On Wednesday, Dec. 19, Bel-Aire Elementary School students jumped up and down with excitement as they made their way to Boxey Blue to mail their last minute letters to Santa. With the anticipation building up inside them, the students made their way to the mobile mailbox and individually sent their letters down the chute with hopes that St. Nick will bring the perfect gift come Christmas morning.

Rodney Hall, owner of Rodney’s Body Shop, has been making special deliveries to the North Pole with the letters of hopeful children in the back of his decorated box truck named “Boxey Blue” for the past eight years.

Hall began by supporting the 41-A Toy Convoy that makes its way through Tullahoma each year. After seeing the impact that the toy convoy has on the community’s children, he began to think of ways to make Christmas as special and as magical as it could be for the kids around town.

Five years ago, Hall was invited to bring his Boxey Blue truck to the “Once Upon A Christmas” event held annually after Thanksgiving at the Northgate Mall. At this event, toys are collected for underprivileged children and letters can be written to Santa and sent to the North Pole. Seeing how excited the kids became when mailing letters to Santa, Hall decided to take Boxey Blue to the next level.

“I watched the kids that first year at ‘Once Upon A Christmas’ get so excited to write and mail their letters to Santa,” said Hall. “I got the idea to build a mailbox onto the back of my truck with a light hanging above it from a Christmas movie. I liked the way it looked, and I wanted the light to work so that kids could see to mail letters to Santa at any time.”

Over the years, Boxey Blue has been parked in several spots within the community, allowing children from all over town to place their letters to Santa into the mailbox. The mailbox is made of wood and is painted red with a Christmas theme.

“The mailbox can hold an unlimited amount of letters as it goes into the back of the truck,” Hall said. “I keep a basket under the shoot so that all the letters are kept safe for delivery to Santa.”

“The letters to Santa are especially special to me,” Hall said. “The excitement of the kids and the innocence they display in the letters is truly heartwarming. I’m touched each year when I read the letters. The simplicity of what some of the kids ask for is humbling and touching.”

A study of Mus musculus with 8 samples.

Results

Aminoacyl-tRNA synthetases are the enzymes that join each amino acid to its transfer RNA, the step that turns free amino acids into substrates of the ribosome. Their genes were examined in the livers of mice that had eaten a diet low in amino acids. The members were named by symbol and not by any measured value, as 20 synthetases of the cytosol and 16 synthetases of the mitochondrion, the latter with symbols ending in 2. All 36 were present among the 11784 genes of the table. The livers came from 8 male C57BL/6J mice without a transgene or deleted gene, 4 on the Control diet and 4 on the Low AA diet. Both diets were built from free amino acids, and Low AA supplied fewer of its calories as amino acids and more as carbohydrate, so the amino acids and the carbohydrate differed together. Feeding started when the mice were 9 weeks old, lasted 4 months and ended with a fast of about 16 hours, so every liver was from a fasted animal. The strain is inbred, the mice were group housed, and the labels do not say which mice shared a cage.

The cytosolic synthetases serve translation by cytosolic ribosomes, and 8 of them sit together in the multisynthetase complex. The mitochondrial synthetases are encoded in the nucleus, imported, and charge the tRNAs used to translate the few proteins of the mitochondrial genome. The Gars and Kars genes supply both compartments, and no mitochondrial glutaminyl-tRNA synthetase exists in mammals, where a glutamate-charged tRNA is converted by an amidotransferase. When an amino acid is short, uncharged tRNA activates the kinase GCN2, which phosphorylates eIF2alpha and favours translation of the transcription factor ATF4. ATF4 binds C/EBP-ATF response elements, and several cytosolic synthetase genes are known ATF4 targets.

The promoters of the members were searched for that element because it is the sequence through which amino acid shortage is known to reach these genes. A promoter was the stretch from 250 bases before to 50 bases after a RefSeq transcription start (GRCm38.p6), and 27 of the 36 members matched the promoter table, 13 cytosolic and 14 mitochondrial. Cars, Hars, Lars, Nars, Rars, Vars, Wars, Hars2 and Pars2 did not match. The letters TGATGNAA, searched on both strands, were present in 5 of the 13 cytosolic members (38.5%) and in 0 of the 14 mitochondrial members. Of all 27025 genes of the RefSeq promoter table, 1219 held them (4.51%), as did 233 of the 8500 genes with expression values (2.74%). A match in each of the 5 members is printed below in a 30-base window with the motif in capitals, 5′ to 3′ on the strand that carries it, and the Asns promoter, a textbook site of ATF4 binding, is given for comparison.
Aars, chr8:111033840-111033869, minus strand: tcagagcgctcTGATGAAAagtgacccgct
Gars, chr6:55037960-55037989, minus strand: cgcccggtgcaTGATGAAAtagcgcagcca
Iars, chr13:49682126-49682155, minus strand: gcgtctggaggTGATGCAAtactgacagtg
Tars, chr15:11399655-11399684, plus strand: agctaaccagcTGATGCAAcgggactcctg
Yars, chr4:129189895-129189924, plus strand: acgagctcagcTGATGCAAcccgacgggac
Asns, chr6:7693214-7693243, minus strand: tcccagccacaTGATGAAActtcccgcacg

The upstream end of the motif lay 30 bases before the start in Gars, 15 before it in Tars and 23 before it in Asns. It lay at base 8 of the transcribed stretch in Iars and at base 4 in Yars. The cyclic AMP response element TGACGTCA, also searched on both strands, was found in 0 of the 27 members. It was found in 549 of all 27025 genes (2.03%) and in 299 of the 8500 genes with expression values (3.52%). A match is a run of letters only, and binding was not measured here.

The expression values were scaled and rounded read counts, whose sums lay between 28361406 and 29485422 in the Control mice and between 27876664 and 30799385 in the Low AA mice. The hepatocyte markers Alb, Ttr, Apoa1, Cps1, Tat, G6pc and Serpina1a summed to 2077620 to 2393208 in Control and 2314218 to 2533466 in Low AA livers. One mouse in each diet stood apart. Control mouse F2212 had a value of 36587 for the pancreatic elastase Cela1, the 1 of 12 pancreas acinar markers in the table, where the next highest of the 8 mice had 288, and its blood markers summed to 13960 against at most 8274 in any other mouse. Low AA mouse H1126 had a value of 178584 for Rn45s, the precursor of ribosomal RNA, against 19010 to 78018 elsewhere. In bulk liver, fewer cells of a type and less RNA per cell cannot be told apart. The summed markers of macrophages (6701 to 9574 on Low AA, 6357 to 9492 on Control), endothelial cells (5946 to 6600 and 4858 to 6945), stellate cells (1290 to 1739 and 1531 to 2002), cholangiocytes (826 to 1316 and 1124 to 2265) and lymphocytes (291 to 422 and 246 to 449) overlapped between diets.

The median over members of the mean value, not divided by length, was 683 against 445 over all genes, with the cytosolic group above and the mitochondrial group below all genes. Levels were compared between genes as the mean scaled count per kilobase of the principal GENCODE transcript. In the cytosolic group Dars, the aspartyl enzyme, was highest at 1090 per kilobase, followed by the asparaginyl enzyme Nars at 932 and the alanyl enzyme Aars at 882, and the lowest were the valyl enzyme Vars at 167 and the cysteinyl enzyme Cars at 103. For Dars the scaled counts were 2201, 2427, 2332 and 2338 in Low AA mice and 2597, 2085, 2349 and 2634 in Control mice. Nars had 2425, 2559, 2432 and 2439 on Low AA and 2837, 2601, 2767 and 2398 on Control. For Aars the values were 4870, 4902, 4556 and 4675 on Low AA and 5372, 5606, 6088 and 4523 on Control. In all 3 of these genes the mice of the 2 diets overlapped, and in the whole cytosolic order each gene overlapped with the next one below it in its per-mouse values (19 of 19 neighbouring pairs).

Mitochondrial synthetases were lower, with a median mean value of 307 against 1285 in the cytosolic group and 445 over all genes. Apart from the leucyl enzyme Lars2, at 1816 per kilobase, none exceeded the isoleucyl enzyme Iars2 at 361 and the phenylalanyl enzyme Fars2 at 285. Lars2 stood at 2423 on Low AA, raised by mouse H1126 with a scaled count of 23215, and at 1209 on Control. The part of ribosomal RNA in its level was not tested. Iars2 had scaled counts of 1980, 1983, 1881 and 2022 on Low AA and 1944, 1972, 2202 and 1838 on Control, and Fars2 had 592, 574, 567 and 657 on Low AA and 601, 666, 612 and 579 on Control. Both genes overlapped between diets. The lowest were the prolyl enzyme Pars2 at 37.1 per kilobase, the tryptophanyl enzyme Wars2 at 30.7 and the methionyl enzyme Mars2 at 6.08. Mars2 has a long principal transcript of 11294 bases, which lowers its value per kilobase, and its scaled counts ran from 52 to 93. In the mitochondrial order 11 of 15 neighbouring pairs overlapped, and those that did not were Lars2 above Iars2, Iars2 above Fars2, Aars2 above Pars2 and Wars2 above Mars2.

Shona Prince, who works at Rodney’s, remembers a little girl’s wishes to Santa from a few years ago.

“This little girl didn’t want much,” said Prince. “She only wanted a lunchbox for school, a backpack and some new clothes for her dolly … kids are so innocent in the things that they ask Santa for.”

Sandra Franklin, who also works at Rodney’s, also spoke about some of the letters she’s mailed off to Santa’s workshop.

“The letters are heartwarming,” she said. “Some are hard to read. A lot of them will brighten your day. Some will make you remember what Christmas is all about. You can read them when you’re having a bad day and smile. You can also read them when you’re having a bad day and be thankful for what you have.”

“In today’s age, Christmas is so commercialized,” Hall said. “By mailing these letters to Santa for the kids, we’ve been able to get back to the real meaning of Christmas. Everyone in the office has been touched by these letters, and it’s affected us all in a good way.”

Because sending letters to Santa has grown in popularity over the years, Hall has started bringing Boxey Blue to local elementary schools for the students who want to send a letter to the North Pole.

“The students have been very excited about writing and mailing their letters to Santa,” said Bel-Aire Principal April Norris on Wednesday. “The kindergarten students even Skyped with Santa earlier today. Each child’s excitement and energy is contagious as they talk about Santa. Kids are so innocent and seeing them partake in the magic of the season is uplifting.”

“It was so fun,” said kindergarten student Nevaeh Sain about mailing her letting to Santa. “I asked Santa for a pet dog, a unicorn doll, toys for my baby doll and a Pikachu game.”

Allowing children to mail letters to Santa keeps the magic alive in the hearts of those who need it most.

“The letters to Santa impact the community in a big way,” Hall said. “If more people got to read the letters and understand the innocence behind them, we could all learn a thing or two.”

Boxey Blue will be mailing off one last shipment of letters to the North Pole before St. Nick travels around the world. For those who would like to get your last-minute letters to Santa before Christmas, Boxey Blue will be parked at LINE-X of Tullahoma, 611 S. Anderson St., until Christmas Eve.  

For more information on Rodney’s Body shop, call 931-455-2570.

Faith Few can be reached by email at ffew@tullahomanews.com.